On Episode 3: Navigating a Competitive Job Market, Mary spoke with Jana Rich on what it takes to effectively launch a job search, especially during difficult economic and social times. In the story below, Jana shares with us what led her to found Rich Talent Group, a boutique executive search firm that diversifies and builds transformative teams that help change the world.
How did you get started in your career?
There were two key junctures that led me into recruiting. I started my career in Public Relations, and thought I was on a path to be a Chief Marketing Officer one day. But then a fellow Vassar alum, whom I met through volunteering, took a leap by hiring me at Coopers and Lybrand. That’s where I got a taste of my first entrepreneurial experience. Even though it was within a large organization, I was tasked with building something entirely from scratch—recruiting 400 MBA students to launch Coopers’ management consulting practice.
The second key moment was during business school. I was doing a summer internship at a management consulting firm, which offered me a position after graduation. It was a great opportunity, but I explained that my passions were elsewhere. I wanted to be part of the consumer internet world, and though I had no idea I wanted to be a recruiter, they introduced me to Korn Ferry, where I spent the next six years of my career in recruiting.
In a moment like this, you might feel like you’re going to offend someone by turning down an offer or expressing other interests, but when you’re honest and sincere about what you want, you may be surprised to find that people are often willing to help you get there.
To what do you credit your success from your background, work, or life experiences?
A recipe for success is focusing on areas where you have a lot of intellectual curiosity and personal passion. I’ve always been very curious about entrepreneurs building businesses in technology, and my passion is around diversity and inclusion. My career sits at that intersection. Do things that engage your mind and your heart, and your odds of success will be high.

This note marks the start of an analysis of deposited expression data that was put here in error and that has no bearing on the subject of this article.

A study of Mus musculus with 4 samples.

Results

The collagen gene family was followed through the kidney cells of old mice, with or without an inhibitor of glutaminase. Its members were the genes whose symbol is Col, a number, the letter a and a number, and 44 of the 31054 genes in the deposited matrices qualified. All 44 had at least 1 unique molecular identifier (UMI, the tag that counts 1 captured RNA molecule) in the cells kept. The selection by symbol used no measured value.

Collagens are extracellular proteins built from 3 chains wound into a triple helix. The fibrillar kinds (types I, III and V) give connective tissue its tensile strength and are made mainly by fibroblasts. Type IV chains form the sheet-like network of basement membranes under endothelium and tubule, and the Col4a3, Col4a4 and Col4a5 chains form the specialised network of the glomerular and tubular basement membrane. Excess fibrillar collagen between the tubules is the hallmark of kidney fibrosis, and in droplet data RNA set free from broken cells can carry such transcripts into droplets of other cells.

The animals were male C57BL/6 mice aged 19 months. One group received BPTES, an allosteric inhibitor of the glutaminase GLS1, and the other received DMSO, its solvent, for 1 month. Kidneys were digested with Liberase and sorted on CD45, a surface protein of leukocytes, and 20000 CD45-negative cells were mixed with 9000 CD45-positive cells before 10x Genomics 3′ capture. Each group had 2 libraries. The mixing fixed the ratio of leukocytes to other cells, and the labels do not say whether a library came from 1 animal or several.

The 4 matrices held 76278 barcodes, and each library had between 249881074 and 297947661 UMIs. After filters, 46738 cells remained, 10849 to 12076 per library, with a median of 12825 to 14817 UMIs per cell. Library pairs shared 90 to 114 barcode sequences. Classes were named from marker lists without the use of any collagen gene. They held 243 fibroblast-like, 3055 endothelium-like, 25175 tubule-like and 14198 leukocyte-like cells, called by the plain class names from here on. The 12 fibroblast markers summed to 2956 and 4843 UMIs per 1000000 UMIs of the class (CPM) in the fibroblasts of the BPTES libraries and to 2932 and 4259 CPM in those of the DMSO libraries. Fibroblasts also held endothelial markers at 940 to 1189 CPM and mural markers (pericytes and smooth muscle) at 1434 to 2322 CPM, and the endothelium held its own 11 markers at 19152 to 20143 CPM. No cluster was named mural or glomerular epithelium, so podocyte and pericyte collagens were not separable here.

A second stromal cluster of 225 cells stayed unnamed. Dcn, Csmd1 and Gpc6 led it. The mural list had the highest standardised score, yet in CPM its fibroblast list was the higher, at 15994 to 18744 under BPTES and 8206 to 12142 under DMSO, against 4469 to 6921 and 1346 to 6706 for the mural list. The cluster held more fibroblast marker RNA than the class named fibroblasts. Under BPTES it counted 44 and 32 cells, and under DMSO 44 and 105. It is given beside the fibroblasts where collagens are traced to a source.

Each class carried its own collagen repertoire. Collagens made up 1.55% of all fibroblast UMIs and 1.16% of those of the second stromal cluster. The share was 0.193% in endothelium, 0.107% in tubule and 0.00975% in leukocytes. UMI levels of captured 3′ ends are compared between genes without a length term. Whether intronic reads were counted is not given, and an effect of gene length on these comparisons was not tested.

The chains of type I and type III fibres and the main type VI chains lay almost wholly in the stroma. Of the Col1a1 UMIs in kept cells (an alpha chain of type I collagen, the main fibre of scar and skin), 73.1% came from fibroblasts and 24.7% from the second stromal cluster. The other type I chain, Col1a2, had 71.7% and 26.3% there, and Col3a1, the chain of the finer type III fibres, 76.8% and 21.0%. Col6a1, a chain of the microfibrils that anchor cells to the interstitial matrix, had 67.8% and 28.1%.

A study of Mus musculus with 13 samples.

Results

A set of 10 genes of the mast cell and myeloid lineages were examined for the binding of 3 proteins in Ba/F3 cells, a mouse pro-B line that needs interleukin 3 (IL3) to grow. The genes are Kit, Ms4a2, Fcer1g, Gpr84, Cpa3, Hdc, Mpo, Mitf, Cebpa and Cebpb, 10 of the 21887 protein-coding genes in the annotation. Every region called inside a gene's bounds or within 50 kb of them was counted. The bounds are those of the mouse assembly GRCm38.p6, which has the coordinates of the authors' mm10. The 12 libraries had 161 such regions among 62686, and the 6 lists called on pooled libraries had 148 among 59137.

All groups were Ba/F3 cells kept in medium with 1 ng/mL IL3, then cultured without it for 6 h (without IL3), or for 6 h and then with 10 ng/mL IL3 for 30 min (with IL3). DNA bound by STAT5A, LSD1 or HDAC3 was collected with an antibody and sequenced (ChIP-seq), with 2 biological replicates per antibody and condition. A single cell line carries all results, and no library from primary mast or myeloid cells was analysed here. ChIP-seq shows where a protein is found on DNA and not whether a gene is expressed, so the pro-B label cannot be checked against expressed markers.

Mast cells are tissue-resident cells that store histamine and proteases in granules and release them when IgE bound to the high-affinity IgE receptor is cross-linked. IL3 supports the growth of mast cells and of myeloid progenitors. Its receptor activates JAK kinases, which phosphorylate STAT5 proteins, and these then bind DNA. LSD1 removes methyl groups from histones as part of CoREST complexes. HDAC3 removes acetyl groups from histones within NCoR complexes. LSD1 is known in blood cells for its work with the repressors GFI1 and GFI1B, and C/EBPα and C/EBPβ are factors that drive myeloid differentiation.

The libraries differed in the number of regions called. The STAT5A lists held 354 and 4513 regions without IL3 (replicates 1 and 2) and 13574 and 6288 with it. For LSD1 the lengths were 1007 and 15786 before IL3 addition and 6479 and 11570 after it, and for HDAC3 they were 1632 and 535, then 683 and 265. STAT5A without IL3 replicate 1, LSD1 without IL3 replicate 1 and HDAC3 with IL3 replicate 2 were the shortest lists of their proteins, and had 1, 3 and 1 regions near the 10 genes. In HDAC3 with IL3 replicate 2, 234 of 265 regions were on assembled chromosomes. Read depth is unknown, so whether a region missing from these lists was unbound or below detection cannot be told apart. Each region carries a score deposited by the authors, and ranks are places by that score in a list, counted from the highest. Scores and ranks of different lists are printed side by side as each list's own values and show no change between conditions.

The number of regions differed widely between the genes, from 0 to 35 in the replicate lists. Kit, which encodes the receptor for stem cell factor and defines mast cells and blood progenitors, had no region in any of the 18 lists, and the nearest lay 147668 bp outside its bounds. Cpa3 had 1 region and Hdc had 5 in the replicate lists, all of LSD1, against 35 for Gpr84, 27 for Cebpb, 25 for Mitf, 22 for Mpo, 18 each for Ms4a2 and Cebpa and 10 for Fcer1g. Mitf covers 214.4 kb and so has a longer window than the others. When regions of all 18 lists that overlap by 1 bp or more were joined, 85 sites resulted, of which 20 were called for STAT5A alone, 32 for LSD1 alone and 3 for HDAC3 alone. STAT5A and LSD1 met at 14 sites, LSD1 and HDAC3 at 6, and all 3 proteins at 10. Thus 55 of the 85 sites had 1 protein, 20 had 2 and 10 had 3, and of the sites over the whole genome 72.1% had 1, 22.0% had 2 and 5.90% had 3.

What are you so glad you did or took advantage of that served you well?
I’m glad that I took the risk to be out early in my career. I was out when I applied to business school, which felt a little risky back then. But it was important to me to be honest about who I was, and it ended up making all the difference in how it enabled me to be an advocate for diverse communities. In fact, it really defined my career. It showed me the value of not hiding the things that make you feel like a minority and highlighting those differences instead.
What have been some career highlights and why?
The best part of my career has been having the opportunity to follow my passion of being an entrepreneur and to focus on building diverse and inclusive teams. I launched my executive recruiting firm, Rich Talent Group, six years ago. And after planning and plotting for so long, it has been an absolute highlight to work with a team and set of companies that share an important mission and passion.